A Christmas Special: Jargon Buster

A Christmas Special: Jargon Buster

The corporate world is a strange and fantastic beast. Built upon by too many idiosyncrasies to count, the industry is perhaps best recognised by its reliance on jargon. Described by founder of the Plain English Campaign (and kindred spirit) Chrissie Mahler, as ‘down-right dangerous’ ,‘the over-use of jargon can become a barrier to gaining new business and considered pointless by colleagues'. 

When researching this article, I spent an evening ‘generating some gobbledygook’ via the Plain English Campaign (a tool that enables you to create nonsense at will), and some of their suggestions were unexpectedly familiar. The phrase: ‘We need to get on-message about our compatible strategic alignment’ gave me de ja vu, not to mention how: ‘our upgraded model now offers deconstructed reciprocal flexibility’ sounded like the subject line of a recent meeting invitation.

Increasingly, our offices seem to be galloping towards a language of drivel-ly double-speak to demonstrate cutting edge technical know-how and prowess. But is jargon the future of industry or is it just a fad destined for obscurity? Could a resurgence in plain speaking be the answer we never knew we needed? Let us know your thoughts over on social media.

So, as LexisNexis’ resident business speak nay-sayer, I’ve pulled together the most scream-worthy list of office nonsense and examined the true meanings behind the etymological gift that just keeps on giving.

1. ‘I’ll socialise that’: A phrase that’s gaining unexpected popularity, ideas large and small are currently undergoing nationwide meet and greets. I’m yet to see any of the newly socialised concepts buy anyone a round… 

2. ‘It’s on my radar’: or, as I like to call it ‘Yes, I did forget. Thank you for noticing’. This phrase always conjures the same image: Baroness Trumpington giving Lord King the V sign for being called ‘old’ on a live stream. Much like the righteous Baroness T’s ‘V’, ‘it’s on my radar’ says: I am aware of the situation, but did it really need pointing out?!

3. ‘Let’s touch base’: is amongst the cannon of email zingers that gives professionals everywhere an undeniable sense of well-being. Relative enough to the phrase ‘as per my last email’ or ‘can I politely remind you’, ‘let’s touch base’ enables you to communicate your meaning without the HR nightmare of chucking the word ‘idiot’ into an email. 

4. ‘It’s a culture/health and safety/marketing/PR etc…piece’: Broadly used by senior colleagues, this phrase is chiefly used to stint the flow of discerning questions from unconvinced colleagues. ‘It’s a [insert word here] piece’ communicates the jolly message that although you have absolutely no idea what you’re on about, you’re at least smart enough to hide it.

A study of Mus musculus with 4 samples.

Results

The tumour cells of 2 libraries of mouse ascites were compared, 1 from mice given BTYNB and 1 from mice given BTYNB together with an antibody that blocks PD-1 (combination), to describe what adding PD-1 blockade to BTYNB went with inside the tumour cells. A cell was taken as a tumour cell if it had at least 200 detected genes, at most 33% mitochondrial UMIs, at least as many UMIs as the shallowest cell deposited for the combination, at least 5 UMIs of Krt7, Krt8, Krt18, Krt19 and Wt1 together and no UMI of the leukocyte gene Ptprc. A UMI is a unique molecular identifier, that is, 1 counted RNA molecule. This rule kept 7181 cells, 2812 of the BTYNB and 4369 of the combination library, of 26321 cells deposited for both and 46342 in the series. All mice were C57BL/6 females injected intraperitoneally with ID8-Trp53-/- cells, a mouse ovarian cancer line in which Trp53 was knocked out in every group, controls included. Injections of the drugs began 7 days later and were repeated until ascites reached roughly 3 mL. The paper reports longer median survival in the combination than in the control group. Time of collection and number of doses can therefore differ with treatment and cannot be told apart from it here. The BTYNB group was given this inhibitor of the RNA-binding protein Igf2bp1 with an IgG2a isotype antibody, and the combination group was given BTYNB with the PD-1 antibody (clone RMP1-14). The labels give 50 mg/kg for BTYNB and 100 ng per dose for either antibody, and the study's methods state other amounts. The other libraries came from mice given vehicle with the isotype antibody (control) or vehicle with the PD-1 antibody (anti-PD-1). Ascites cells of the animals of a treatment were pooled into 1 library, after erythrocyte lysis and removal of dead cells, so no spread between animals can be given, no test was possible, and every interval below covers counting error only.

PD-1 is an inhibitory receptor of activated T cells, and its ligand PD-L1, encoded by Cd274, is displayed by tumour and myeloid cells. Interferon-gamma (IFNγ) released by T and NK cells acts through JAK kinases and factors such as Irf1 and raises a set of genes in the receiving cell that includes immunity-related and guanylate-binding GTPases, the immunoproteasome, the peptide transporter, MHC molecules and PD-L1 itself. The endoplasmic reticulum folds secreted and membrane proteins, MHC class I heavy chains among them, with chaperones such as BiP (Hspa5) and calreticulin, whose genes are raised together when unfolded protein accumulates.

5. ‘Let’s long grass it’ for those unfamiliar, this does not mean to push daisies—though you’d be justified in your murderous intentions towards those who use the phrase if you thought it did. ‘Kicking it into the long grass’ is the management approved mode of snubbing whichever ludicrous idea was whizzing its way towards your inbox.

Frankly more disturbing for the fact that ‘long grassing’ has transitioned into verb form—whomever coined the contracted version of ‘let’s kick this into the long grass’ ought to be punted into the nearest heath without delay.

6. ‘Blue Sky Thinking’: The poorer cousin of ‘thinking outside the box’, blue sky thinking shuffled out of lexical obscurity at approximately the same time W1A aired. By its very nature, ‘blue sky thinking’ has little to no pragmatic grasp on reality. Limply inspiring colleagues towards a sunnier disposition, ‘blue sky thinking’ can often feel like a cover up for pointless tasks where collegial buy-in is fast gurgling down the drain.

7. ‘References in these Regulations to a regulation are references to a regulation in these Regulations’: a veritable labyrinth of redundant vocab, all readers about to embark on this ‘sentence’ require a flow chart, dictionary and dollops of patience. This sort of lexical antagonism also includes anything similar to ‘heretofore’ and any obscure Latin.

7. ‘Let’s take this offline’: Otherwise known as ‘please, shut up’, offline discussions go some way in combatting the proclivity of chatty colleagues to highjack a meeting room. Other interpretations include: ‘let’s not argue in public’ or ‘I’ll gossip with you about this, later’.

8. ‘Can we action that?’: A verbose mode of describing next steps, ‘actionable items’ depend on the existence of a flabby meeting schedule that benefits professionals with the interminable opportunity to discuss what they hope to accomplish.

Pre-meeting meetings are, by extension, the perfect bed-fellow of the ‘actionable item’, affording colleagues a platform to have their job descriptions repeated at length before discussing how they could therefore tackle the problem, should they ever exit the meeting room.

9. Legalese generally…By its very nature, legalese is the ultimate contrarian of plain speaking. Designed to shove more concepts, ideas and regulations into a single sentence than is ever syntactically necessary, legalese puts the devil in the detail.

For the same reason many of us leave a once enthusiastically purchased copy of the Ulysses on our bookshelves to fester, legalese is the commercially impenetrable cousin of Joyce’s masterpiece. How to know if you’re a legalese user? You’ll announce the pomposity of your love affair with Joyce’s ‘singularly worthy prose’ at any given social gathering.

Catherine is one of the Future of Law's digital editors. She graduated from Durham University with a degree in English Literature and worked at a barristers chambers before joining Lexis Nexis.